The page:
Common Pleadings in California Appeals Cases
Posted on Wednesday, February 27th, 2019 at 8:45 am
If you lose your criminal trial, you may still be able to avoid a conviction if you successfully appeal the judgment of the court that heard your case. California appeals cases are heard by the Appellate Division of the Superior Court if the offense was a misdemeanor, or the California Court of Appeals if the crime was a felony. These appeals courts will not give you a new trial. Instead, they will hear your defense lawyer’s arguments about legal errors that wrongfully resulted in your conviction or affected your sentencing.
If your appeal is successful, the court may cancel the judgment of the trial court, and then order the trial court to give you a new trial or sentencing hearing that follows the appeals court’s instructions. If you believe you were wrongly convicted of a crime, call a Los Angeles criminal appeals lawyer from Spolin Law P.C. today at (310) 424-5816, or reach out online to schedule a free consultation of your case.
What Can My Lawyer Argue on Appeal?
Within 30 to 60 days of the judgment, you’ll need to send in the “Notice of Appeal.” During this timeframe, your lawyer will need to carefully review what happened at trial and determine what arguments to make. After all, it is the party who appeals who bears the burden of proving that the trial court made a mistake.
It is important to note, however, that there are other types of post-conviction relief that do not have as stringent of the deadlines as the traditional direct appeals. For questions regarding these options, contact an appeals attorney from Spolin Law P.C. right away.
There are many different paths to a successful appeal in a criminal case. Below are some of the more common issues that defense lawyers may plead in their briefs:
Wrongly Admitting or Rejecting Evidence
California has complex rules that govern what kind of evidence may be introduced at trial. In criminal cases, the defense and the prosecution often argue over whether a piece of evidence should be shown to the jury or not. Hearsay, unduly prejudicial evidence, and any fruits of an unlawful search or seizure usually cannot be introduced into a trial. If you believe a judge misapplied the rules of evidence, you can appeal on this basis.
Improper Jury Instructions
After the prosecution and the defense have presented their cases, the jury must decide whether the defendant is guilty. Before sending the jury away to deliberate, the judge will give them instructions on how to consider the evidence they’ve received during the trial. Improper instructions – which give the jury a confusing definition of the offense, or that would encourage the improper consideration of certain pieces of evidence – may form the basis of an appeal.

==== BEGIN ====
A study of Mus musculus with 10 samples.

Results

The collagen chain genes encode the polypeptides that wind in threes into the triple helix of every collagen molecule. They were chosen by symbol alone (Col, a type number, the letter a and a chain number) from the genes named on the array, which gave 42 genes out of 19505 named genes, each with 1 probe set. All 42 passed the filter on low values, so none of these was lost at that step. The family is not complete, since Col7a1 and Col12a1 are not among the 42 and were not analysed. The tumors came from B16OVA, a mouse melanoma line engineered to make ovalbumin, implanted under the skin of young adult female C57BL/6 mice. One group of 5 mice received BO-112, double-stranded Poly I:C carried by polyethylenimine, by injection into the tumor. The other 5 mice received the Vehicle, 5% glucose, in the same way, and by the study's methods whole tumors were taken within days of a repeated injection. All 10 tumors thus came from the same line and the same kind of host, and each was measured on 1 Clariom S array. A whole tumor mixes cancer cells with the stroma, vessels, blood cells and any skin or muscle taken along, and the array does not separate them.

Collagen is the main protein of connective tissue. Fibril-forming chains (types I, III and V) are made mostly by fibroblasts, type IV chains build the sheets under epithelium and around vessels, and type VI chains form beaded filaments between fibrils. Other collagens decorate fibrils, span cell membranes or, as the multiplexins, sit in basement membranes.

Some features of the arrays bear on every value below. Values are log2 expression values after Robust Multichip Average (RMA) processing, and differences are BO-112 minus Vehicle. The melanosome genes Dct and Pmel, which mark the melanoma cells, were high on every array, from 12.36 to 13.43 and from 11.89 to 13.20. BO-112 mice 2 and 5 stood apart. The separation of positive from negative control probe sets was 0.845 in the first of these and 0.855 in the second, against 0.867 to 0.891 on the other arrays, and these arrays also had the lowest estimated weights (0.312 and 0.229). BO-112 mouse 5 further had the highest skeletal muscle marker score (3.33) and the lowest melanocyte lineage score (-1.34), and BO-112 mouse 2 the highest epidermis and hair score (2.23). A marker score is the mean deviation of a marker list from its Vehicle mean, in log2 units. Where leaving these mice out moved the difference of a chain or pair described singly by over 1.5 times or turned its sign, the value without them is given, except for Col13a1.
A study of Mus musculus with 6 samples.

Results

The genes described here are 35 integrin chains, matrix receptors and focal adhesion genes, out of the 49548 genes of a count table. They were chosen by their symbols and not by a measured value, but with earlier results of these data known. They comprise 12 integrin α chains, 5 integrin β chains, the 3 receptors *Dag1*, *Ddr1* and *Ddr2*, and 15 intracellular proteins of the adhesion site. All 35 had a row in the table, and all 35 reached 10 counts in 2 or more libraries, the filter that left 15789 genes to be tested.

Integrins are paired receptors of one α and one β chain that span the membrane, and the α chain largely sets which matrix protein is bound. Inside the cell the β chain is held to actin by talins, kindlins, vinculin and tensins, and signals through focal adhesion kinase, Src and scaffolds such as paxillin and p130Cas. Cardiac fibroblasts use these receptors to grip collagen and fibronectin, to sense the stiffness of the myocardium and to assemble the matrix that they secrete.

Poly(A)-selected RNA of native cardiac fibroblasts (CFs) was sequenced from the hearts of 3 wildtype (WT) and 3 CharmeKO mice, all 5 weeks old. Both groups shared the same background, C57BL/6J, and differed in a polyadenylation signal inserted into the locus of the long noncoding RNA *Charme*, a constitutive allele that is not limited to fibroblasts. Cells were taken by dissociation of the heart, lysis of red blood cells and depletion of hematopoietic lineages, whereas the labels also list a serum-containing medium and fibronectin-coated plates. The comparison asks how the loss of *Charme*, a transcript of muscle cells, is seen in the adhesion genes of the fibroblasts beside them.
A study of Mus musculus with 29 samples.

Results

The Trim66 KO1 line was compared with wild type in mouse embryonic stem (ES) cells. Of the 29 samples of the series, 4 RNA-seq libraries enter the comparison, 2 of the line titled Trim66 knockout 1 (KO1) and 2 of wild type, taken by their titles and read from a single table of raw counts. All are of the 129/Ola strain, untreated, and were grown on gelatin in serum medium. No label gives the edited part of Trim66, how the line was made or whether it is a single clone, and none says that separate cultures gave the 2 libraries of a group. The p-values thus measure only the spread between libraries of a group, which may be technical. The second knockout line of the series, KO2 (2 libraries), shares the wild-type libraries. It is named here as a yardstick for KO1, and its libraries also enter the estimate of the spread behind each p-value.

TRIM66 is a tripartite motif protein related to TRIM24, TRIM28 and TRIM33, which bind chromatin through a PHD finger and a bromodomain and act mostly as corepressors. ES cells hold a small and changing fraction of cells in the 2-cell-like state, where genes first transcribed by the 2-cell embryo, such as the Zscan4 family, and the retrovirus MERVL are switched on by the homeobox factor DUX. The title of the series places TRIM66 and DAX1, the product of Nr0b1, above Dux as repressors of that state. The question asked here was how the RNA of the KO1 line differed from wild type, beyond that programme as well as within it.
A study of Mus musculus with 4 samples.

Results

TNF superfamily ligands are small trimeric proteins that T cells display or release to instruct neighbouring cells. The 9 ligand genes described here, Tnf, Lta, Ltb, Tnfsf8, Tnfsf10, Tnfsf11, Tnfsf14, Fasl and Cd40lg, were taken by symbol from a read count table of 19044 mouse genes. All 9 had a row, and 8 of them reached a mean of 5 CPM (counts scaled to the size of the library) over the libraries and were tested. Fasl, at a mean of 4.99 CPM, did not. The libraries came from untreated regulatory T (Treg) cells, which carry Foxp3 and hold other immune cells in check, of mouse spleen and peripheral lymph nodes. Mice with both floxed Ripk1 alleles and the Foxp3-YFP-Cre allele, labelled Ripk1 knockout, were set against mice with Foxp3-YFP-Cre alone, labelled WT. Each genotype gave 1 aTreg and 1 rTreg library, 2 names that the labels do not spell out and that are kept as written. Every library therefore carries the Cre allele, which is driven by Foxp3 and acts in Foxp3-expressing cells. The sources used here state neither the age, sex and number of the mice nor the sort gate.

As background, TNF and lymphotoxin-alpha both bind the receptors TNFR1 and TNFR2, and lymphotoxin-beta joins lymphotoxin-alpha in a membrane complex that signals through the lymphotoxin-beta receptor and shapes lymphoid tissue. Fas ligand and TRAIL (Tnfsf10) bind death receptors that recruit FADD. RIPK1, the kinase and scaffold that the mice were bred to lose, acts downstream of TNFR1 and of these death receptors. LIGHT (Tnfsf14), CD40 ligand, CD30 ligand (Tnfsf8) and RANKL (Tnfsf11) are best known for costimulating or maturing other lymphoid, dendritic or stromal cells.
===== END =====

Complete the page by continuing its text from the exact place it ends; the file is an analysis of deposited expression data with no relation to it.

Abuse of Discretion and Other Issues at Sentencing
Sentencing hearings are opportunities for the defense and the prosecution to present evidence and make arguments. When the judge improperly applies the law at a sentencing hearing, or abuses their discretion in handing down an especially harsh sentence, the defense may appeal. If successful, this appeal may result in a more lenient sentence, but it will not alter your guilty verdict.
The above issues that may be raised at appeal are part of the category of prejudicial error. It means that the appeal identifies a mistake of law which substantially harmed you at trial or during sentencing. If an error was made, but didn’t meaningfully affect the outcome of the trial, this error may not form the basis of a valid appeal.
Are There Alternatives to the Appeals Process?
Sometimes, exculpatory evidence emerges after the trial is said and done. However, appeals courts are not allowed to consider new evidence when hearing an appeal – their decision is made exclusively on the record of the initial trial. Fortunately, there is an alternative to filing an appeal in this kind of scenario. Your lawyer may request a higher court to issue a writ, such as a habeas corpus, which is a challenge of illegal incarceration. For example, if another suspect confesses to the crime after you’ve been convicted, your lawyer may get you freed by filing a writ of habeas corpus.
Call Spolin Law P.C. for Help With Your Criminal Appeals Case
At Spolin Law P.C., we believe that each and every one of our clients deserves an aggressive and thorough defense strategy. When a trial court makes erroneous rulings that affect our clients’ rights, we will not hesitate to file an appeal. If you or a loved one has been wrongly convicted of a crime, contact us today at (310) 424-5816 to schedule a free and case evaluation.